ARTICLE 19 welcomes EU Commissioner Thierry Breton’s confirmation that the Digital Services Act (DSA) does not provide justification for the arbitrary blocking of online platforms and that any suspension of services must only be a last resort measure, and strictly in line with international human rights and due process safeguards.
On 26 July 2023, ARTICLE 19 together with 67 partner organisations wrote to the European Commissioner for the Internal Market, Thierry Breton requesting that he clarify comments that the Digital Services Act (DSA) provides for the possibility of shutting down online platforms as a sanction for failing to remove “hateful content”.
The following day, 27 July 2023, Commissioner Breton responded to Access Now (which led the drafting of the initial letter) and the other signatory civil society organisations. ARTICLE 19 welcomes Commissioner Breton’s prompt response and clarification of several key concerns expressed by the civil society. In his reply, Commissioner Breton:
- Confirms that the DSA does not provide justification for the arbitrary blocking of online platforms and DSA enforcement will always abide by democratic processes, the rule of law and prescribed due process safeguards.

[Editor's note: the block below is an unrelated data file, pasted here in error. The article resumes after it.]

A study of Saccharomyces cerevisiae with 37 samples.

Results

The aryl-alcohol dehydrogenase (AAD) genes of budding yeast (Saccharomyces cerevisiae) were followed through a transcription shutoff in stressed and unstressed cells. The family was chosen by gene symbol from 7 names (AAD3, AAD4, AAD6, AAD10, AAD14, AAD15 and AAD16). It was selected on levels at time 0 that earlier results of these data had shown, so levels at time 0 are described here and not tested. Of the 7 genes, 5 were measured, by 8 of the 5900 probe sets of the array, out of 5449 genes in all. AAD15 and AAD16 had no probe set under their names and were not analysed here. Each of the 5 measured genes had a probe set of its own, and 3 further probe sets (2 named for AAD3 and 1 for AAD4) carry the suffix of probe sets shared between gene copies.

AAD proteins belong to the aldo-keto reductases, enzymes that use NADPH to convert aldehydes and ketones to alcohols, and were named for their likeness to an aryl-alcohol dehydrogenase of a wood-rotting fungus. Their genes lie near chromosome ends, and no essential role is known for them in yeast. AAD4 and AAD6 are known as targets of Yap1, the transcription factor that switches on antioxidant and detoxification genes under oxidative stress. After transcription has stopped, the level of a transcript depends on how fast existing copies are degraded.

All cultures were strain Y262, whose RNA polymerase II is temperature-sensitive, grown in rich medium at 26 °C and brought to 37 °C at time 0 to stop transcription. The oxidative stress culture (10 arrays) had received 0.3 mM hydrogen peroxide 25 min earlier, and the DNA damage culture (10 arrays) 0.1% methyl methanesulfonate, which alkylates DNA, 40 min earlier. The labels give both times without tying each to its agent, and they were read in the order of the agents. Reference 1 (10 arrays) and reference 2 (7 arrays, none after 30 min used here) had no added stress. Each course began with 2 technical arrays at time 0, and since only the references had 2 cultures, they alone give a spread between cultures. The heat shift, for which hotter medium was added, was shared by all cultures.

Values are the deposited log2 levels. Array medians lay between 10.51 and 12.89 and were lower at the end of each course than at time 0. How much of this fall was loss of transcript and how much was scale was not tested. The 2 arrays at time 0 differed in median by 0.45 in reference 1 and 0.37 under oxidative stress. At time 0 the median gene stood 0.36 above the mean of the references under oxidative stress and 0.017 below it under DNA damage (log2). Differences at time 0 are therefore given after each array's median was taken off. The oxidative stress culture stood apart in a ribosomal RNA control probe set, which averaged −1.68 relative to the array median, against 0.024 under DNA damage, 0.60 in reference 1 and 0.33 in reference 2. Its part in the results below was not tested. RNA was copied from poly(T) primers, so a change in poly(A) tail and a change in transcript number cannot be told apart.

- Provides reaffirmation that Europe firmly opposes decisions where content, services, and applications are blocked or degraded on an arbitrary and unjustified basis.
- Emphasises the need for proportionate sanctions in accordance with the level of a platform’s misbehaviour including that a “temporary suspension or restriction of access to the service” can only occur as a last resort “in the most far-reaching situations” citing incitement to violence or manslaughter as examples.
- Confirms that any measures which lead to a suspension of services must follow due process in accordance with national laws, international law and the jurisprudence of the European Court of Human Rights.
ARTICLE 19 has long argued that EU legislation, such as the DSA, can have impact outside of the EU’s borders, as policymakers around the world look to it for examples on how to regulate the digital space (see Brazil’s ‘Bill Regulating Digital Platforms’).
In this context, Breton’s clarifications are of utmost importance: the DSA is a regulation designed to protect rights, not provide tools for censorship. We will continue to closely monitor the EU’s actions in enforcement of the DSA to ensure that they live up to this promise.